Developed and maintained for quite a while, the password auditing tool “L0phtCrack” now goes open source to assist the community. The developer anticipates active participation from the community in its improvement and maintenance in the future.
L0phtCrack Tool Goes Open Source
The decades-old password auditing and recovery tool L0phtCrack is now finally available for all to use as open source.
Briefly, L0phtCrack came into existence back in 1997 by a hacker group then named L0pht Heavy Industries. Specifically, the tool’s creation is attributed to Peiter C. Zatko (with alias Mudge) who later worked for Defense Advanced Research Projects Agency (DARPA), Google, and lately, Twitter.
The developers continued to maintain the tool throughout the time, though with multiple changes in the ownership following acquisitions. Nonetheless, the original L0pht Heavy Industries finally reacquired the tool in July 2021.
And now, Christien Rioux (with alias ‘DilDog’ on Twitter) has announced the release of this tool as open source. Rioux also mentioned the need for active maintainers and contributors in the project.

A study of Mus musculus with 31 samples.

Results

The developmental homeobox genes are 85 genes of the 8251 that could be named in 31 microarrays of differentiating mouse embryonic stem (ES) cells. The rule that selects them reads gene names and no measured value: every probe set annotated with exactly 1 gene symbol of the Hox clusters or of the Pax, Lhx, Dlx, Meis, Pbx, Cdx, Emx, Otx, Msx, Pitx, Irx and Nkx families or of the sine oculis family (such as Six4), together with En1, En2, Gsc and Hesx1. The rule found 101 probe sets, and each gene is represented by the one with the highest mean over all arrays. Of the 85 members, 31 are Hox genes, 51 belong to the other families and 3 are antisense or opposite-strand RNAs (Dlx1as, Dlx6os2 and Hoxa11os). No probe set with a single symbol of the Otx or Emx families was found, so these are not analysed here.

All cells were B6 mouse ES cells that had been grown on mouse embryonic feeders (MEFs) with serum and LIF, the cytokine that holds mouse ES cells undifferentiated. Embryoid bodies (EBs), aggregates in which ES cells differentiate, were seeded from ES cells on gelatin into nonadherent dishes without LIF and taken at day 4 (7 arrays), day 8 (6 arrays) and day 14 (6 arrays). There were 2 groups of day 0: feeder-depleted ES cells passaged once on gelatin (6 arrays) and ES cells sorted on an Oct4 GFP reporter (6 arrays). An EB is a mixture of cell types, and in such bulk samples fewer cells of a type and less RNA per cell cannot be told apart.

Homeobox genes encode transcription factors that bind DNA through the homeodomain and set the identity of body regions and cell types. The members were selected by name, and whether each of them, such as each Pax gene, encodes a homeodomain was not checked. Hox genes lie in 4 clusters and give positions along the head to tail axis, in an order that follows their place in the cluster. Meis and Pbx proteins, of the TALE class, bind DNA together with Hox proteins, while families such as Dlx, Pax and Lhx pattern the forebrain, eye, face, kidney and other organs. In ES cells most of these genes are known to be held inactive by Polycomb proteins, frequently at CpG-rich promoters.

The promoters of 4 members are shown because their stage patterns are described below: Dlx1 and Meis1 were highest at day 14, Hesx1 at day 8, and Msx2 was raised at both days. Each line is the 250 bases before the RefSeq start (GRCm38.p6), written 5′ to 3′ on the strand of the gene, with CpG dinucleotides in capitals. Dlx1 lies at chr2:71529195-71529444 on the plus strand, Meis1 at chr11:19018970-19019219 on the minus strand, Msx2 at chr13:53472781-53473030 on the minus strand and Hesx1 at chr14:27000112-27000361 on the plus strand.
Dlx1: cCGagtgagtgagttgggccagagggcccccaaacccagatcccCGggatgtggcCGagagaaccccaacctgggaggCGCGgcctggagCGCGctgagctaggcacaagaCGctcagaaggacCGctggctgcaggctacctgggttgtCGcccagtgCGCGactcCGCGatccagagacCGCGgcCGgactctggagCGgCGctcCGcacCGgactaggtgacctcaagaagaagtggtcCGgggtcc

L0phtCrack is now open source.
Project is actively seeking maintainers and contributors. pic.twitter.com/GNX8t3uHUS
— DilDog (@dildog) October 17, 2021
The latest release of L0phtCrack, version 7.2.0, is now available on GitLab.
Commenting about this decision, Chris Wysopal, one of the contributors in L0pht, told The Daily Swig,
The original team found it took too much time to support part-time but not enough revenue was there to hire full-time employees or even contract employees.
Thus, the original developers expect warm participation from the community for the expansion of the scope of this tool and maintenance. According to Wysopal,
I could hope that an organization such as OWASP or similar could assist with getting motivated people involved. I think this could be a framework for more than just password cracking eventually, rather the general automation of commonly performed ‘security audit’ tasks.
For instance, the tool may be “plugged in” vulnerability scanning for password and network auditing.
Let us know your thoughts in the comments.